On June 14th, the World Food Programme (WFP) announced the suspension of food assistance in South Sudan, which experienced for years a tragic humanitarian disaster. The decision comes as a consequence of funding shortage and after a critical period for the population, which has suffered for months of unprecedented hunger. South Sudan is facing an extremely difficult situation of food insecurity, which is rapidly deteriorating. The Integrated Food Security Phase Classification (IPC) estimates that, for the current lean season (April – July 2022), 7.74 million people (63% of the population) are experiencing high levels of acute food insecurity (IPC Phase 3 or above, in a scale of 5). Among them, 87,000 people are classified in catastrophe (Phase 5), 4,765,000 people are in crisis (Phase 3), and 2,892,000 in emergency (Phase 4). A worsening with respect to the previous period (February – March 2022), when there were 6.83 million people in need (55% of the population) and just 55,000 of them in catastrophe.
Several factors are at the root of this emergency. Firstly, there is growing insecurity due to sub-national and localized violence. South Sudan has experienced civil war since its official birth, in 2011. Although in 2018 a peace agreement was signed, the violence of the fighting continued, devastating harvests and leading to a lack of food. This brought very often an increase in people displacement, cattle theft and poaching, which in turn continued to fuel the conflict. Secondly, there is a climate emergency. Adverse climate factors, like droughts and severe flooding, destroyed crops and impede families to live off their food, as well as increased the competition for limited resources, like water and land. Lastly, we have to consider the aggravation of the economic sphere, above all for the effects of COVID-19, currency depreciation, lower incomes and higher food prices, which increased by 17% from May to June.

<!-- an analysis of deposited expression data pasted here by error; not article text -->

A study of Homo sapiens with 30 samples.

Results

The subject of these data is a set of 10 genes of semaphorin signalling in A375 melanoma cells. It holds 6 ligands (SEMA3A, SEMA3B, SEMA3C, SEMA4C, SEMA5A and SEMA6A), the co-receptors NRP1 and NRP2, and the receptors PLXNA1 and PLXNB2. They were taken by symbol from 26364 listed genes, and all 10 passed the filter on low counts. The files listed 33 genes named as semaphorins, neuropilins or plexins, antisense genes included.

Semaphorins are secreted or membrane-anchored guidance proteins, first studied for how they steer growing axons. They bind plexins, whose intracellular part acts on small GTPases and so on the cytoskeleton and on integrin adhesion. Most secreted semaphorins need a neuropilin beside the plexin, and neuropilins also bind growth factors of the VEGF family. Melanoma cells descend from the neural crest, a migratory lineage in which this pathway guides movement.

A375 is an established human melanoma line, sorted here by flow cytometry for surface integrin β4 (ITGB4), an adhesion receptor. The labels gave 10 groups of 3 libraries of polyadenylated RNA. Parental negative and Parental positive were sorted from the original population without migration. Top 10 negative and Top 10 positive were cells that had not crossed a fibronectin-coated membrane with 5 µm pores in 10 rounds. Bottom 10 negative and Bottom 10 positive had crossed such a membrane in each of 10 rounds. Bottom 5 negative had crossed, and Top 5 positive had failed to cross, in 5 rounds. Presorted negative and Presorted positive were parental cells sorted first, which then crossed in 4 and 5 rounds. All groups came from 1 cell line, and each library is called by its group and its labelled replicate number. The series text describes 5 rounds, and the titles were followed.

Despite this scenario underlines the necessity of food assistance, the WFP decided to interrupt its supplies, due to a lack of enough funding. “Humanitarian needs are far exceeding the funding we have received this year”, said Adeyinka Badejo, Acting Country Director of the World Food Programme in South Sudan. As a consequence, this year the organization will be able to reach just two-thirds of the population targeted for humanitarian support, putting at risk of starvation up to 1.7 million people. Badejo added that “if this continues, we will face bigger and more costly problems in the future, including increased mortality, malnutrition, stunting, and disease.” This is particularly true for children and mothers, who are likel7y to live a crisis within the crisis. In fact, according to IPC, almost 1.4 million children under five years old and 675,710 pregnant or lactating women will suffer from acute malnutrition in 2022.
“I was recently in the field, some weeks back, meeting with communities […] trying to explain to them the reason we are cutting off assistance, and the mothers were quite alarmed. What they said to me was that they would be forced to take their children out of school to work in cattle camps, in trying to help the family survive.” Badejo said. Moreover, the cut-off of food resources will no longer permit 178,000 schoolchildren to receive daily school meals, a key measure to guarantee school attendance while assisting South Sudanese children and young people. “The school provides for us beans with sorghum and this improves learning because children who don’t have money for breakfast rely on this food and during break time they stay in the school.” said Ijora Jovian, a 17-years-old student. “I am appealing to WFP to continue providing the food. Personally, I will be affected because my family cannot afford to provide enough food for me. If there is no food, I will not come to school,” said Anita Anna Samson, another 16-years-old student.
Thomas Hakim Sebit, the school’s deputy head teacher of the Mayo Girls Primary School in the capital Juba, declared that “If the food is cut off, the children will no longer come to school. I am appealing to WFP and the international community to continue supporting the school-feeding programme,” WFP urgently needs 426 million dollars to be able to restore assistance for families, but the arrival of international aid is far from being taken for granted.
According to the annual report of the Norwegian Refugee Council (NRC), South Sudan is the fourth most neglected displacement crisis in the world, based on a lack of international political initiatives, lack of media coverage and lack of funding. For the release of the list, Jan Egeland, Secretary-General of the Norwegian Refugee Council, said: “The speed at which the UN, the EU and other international partners acted in response to the war in Ukraine should inspire the same urgency for solutions and support to the most neglected crises of our time.”
In conclusion, a combination of security, ecological and economic factors brought to the current precarious South Sudanese situation, which could be seriously exacerbated by the suspension of food aids by the WFP, particularly for schoolchildren. Nevertheless, finding the financial resources needed to lower the level of alert implies a political and humanitarian interest that is still lacking by the international community.